Blackman v. Commissioner
88 T.C. 677 (Tax Ct. 1987)

  • Blackman got into an argument with his estranged wife. In a rage, he took all her clothes and burned them in a fire. The fire got out of control and burned down the entire house.
    • Blackman was not convicted of arson, but his house insurance refused to pay for the loss.
  • When Blackman filed his taxes, he took a deduction for a casualty loss for the damage to the home.
    • 26 U.S.C. 165(c)(3) allows for deductions due to property losses, including losses from fires.
  • The IRS denied the deduction. Blackman appealed.
    • Blackman argued that he had definitely lost property, so he should get the deduction.
    • The IRS argued that is intended to cover unlucky people, not negligent people, so if you are partially at fault, you can't take the deduction.
  • The Tax Court found for the IRS and denied the deduction.
    • The Tax Court noted that the negligence of the taxpayer is not a bar to the allowance of the casualty loss deduction.
      • See Anderson v. Commissioner (81 F.2d 457 (1936)) and Shearer v. Anderson (16 F.2d 995 (1927)).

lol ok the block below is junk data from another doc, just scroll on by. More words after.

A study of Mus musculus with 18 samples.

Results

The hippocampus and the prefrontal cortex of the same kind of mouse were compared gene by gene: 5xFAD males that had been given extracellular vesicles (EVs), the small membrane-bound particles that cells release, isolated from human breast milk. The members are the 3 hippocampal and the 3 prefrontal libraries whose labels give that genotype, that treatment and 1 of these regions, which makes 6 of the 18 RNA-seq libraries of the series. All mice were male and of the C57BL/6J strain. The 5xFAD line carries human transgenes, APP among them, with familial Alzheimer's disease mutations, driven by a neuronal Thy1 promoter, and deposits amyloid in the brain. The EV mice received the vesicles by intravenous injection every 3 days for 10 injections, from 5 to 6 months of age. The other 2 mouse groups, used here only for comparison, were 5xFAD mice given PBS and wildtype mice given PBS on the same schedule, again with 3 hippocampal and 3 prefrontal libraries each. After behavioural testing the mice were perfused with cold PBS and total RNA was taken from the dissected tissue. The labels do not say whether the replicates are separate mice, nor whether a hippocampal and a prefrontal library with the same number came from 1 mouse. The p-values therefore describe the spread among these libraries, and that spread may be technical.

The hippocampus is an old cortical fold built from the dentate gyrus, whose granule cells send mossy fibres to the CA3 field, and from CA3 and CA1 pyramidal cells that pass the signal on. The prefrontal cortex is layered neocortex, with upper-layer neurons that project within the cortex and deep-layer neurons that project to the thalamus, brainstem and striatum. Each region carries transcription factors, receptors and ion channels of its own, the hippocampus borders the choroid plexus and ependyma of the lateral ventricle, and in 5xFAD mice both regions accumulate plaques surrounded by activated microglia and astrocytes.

• However, the Court also noted that gross negligence on the part of the taxpayer will bar a casualty loss deduction.
      • Heyn v. Commissioner (46 T.C. 302 (1966)).
    • In this case, the Court found that Blackman's actions amounted to gross negligence and therefore didn't qualify for a deduction under 165(c)(3).
    • The Court also found that allowing a casualty loss deduction, in this factual setting, would severely and immediately frustrate the public policy against arson and burning, and against domestic violence.
  • Basically, this case says that you can claim a casualty loss deduction under 165(c)(3) even if you are negligent, but not if you are grossly negligent.